Other than a lucky few, becoming employed as a professional cyclist is a dream that will never come to fruition. But, if you're willing to give up your day job for all things bicycles, there may still be hope.Depending on your definition of awesomeness, these seven jobs may be just what you're looking for—just make sure money isn't a top priority.
Bike Messenger1 of 8
Dangerous, yes—but there are only a few jobs that will actually pay you to pedal a bicycle, and this is one of them. So, if you're an adrenaline junky looking for a way to zip through city traffic in order to get away from your cubicle, this job may be for you.
Pay varies, but most courier companies pay either by the hour or by the number of packages delivered. If you're fit and motivated, $20 per hour isn't out of the question.
Bike Mechanic2 of 8
If you really love tinkering with your bike, you'll have plenty of job options as a mechanic. While hanging around a bike shop is definitely at the top of our cool list, the median annual salary nationally for mechanics is lower than $30K. If that doesn't cut it, bike assemblers at bike factories like Specialized or professional mechanics for pro-tour teams might make it worth your while.
Bike Tour Guide3 of 8
Traveling to exotic locations, leading a pack of cyclists up a tough climb and getting paid for it—sounds great, right? Maybe. To snag a job as a tour guide with a company like Trek Travel or Backroads, you'll need to be more than just physically fit and willing to travel.
The ideal candidate will be outgoing and have in-depth knowledge of the history, culture and language of a particular area where you'll guide tours. Performing bike maintenance might be required on the fly during rides, and some companies may even require you to be on call to guests for 24-hour periods to ensure safety and comfort. But that's a small price to pay for the opportunity to ride in Spain, Italy and France for a few weeks, isn't it?
Tour companies typically pay $100 to $150 per day, plus your living expenses during the tour.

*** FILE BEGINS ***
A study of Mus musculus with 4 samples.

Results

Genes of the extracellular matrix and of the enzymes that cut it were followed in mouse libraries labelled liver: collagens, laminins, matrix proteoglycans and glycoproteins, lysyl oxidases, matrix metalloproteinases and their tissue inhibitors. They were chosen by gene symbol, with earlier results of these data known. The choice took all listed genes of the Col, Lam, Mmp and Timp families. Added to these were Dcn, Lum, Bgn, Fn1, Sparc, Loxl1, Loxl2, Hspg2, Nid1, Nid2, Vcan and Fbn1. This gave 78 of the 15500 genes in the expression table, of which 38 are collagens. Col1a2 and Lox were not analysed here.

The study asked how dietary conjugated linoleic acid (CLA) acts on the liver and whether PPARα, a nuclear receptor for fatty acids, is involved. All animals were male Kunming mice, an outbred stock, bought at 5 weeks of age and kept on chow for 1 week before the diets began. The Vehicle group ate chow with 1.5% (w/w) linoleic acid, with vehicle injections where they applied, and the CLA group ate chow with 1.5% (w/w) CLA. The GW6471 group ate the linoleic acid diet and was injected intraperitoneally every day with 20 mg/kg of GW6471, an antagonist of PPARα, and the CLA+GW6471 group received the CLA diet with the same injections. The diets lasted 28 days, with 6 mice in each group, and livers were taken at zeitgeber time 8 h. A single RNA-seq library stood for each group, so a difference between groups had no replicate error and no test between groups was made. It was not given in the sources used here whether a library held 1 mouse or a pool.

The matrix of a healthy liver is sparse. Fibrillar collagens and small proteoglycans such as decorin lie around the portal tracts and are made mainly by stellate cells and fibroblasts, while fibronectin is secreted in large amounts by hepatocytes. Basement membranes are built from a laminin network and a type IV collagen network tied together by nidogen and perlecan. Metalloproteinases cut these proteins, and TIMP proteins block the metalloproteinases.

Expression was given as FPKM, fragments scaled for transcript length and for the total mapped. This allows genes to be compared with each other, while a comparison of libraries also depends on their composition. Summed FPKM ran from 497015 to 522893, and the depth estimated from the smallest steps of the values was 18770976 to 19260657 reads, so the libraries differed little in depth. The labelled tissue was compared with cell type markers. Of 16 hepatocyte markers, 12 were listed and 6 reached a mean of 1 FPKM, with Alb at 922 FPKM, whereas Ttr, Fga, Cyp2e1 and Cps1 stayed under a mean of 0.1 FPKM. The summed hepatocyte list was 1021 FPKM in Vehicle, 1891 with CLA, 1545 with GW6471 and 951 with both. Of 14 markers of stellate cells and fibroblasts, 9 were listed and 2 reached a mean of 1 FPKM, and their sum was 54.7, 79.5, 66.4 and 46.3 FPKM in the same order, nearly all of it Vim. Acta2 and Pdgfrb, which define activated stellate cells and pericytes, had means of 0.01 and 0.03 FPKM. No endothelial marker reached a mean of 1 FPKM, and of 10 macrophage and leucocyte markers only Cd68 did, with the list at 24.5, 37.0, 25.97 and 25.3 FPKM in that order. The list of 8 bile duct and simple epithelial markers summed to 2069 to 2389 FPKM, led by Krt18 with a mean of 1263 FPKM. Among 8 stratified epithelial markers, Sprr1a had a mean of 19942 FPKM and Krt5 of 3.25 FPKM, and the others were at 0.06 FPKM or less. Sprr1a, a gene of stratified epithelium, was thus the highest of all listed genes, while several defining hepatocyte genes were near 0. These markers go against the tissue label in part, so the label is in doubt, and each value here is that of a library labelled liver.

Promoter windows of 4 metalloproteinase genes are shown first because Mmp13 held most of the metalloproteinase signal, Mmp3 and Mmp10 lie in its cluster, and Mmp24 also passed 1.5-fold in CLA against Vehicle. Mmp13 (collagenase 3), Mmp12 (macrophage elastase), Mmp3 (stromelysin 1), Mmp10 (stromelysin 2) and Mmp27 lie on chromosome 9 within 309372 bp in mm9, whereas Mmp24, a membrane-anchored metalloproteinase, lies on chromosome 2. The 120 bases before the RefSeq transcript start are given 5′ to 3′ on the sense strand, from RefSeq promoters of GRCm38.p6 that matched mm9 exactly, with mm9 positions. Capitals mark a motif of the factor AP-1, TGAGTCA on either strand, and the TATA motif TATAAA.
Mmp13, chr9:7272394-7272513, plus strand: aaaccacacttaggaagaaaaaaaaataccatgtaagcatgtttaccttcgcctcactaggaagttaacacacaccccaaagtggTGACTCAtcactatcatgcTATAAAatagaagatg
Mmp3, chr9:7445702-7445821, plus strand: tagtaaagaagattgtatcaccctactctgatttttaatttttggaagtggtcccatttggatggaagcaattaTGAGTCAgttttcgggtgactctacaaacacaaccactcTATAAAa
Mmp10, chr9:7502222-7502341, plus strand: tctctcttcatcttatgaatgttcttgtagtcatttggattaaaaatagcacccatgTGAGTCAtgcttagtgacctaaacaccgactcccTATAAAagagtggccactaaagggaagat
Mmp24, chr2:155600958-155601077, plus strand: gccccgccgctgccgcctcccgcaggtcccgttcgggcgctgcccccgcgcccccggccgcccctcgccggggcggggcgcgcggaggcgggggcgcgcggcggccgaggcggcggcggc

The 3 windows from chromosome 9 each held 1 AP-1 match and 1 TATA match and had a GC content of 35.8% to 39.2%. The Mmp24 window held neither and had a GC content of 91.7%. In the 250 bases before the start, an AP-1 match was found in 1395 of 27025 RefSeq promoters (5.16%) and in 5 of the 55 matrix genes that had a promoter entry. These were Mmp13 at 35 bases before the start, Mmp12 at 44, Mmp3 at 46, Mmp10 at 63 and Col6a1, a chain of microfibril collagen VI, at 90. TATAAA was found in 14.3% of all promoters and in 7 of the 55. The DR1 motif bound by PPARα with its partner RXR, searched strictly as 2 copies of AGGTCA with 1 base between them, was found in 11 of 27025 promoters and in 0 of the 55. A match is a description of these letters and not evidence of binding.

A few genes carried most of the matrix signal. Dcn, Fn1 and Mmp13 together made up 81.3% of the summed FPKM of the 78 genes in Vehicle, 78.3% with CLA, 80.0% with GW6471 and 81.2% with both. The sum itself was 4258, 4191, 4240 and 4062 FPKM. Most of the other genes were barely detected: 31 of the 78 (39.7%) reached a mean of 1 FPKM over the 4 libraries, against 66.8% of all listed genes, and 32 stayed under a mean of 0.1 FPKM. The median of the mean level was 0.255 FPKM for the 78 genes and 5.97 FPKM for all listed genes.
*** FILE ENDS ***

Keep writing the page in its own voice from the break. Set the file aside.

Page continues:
Editor4 of 8
These jobs are hard to come by, but if you're one of those post-grad English majors (who also happens to be in love with bicycles) twiddling your thumbs wondering what to do with your life, hit up your favorite publications for job opportunities. You just may find a way to ride and write about all your bike adventures.
You'll likely have to start from the bottom as an editorial assistant or associate editor, if you're lucky. If you're having trouble breaking through, try pitching a few ideas for articles to different cycling websites and magazines. Freelancing can be a great way to build contacts and might even land you a full-time gig as an editor some day.
Start a Website/Blog5 of 8
If you've got something to say that's different from what's already out there, creating a website or blog may be the way to go. While there are plenty of examples of bad blogs that won't earn you a living, the good examples are out there, too—and some make good money. The Radavist is one that comes to mind. If it works, you'll be working for yourself—which is the best of both worlds.
Race Director6 of 8
Putting on your own bike race would definitely be cool, wouldn't it? This job is a tough one, but if you've got a certain set of skills and a good idea for a race, the profits could be substantial. The Honolulu Marathon, for instance, made $6.2 million in revenue in 2011, and the race director pulled in just under $300K. While these numbers are staggering for a one-day event, keep in mind that it is one of the most popular races on the planet, and there is a LOT that goes into this level of organization and planning. Still sounds pretty cool though, doesn't it?
Own a Bicycle Taxi7 of 8
How many times have you said, "I wish I could ride my bike all day!" Owning and operating your own bike taxi will provide this exact opportunity, and you'll make more than you might think. To do the job, you'll need to be in great shape, a good communicator and know your way around a city. That's about it. Startup costs average between $2K and $4K for equipment, permits and liability insurance, but a one-person fare-only cab can yield up to $62K a year—which is more than some pro cyclists pull in.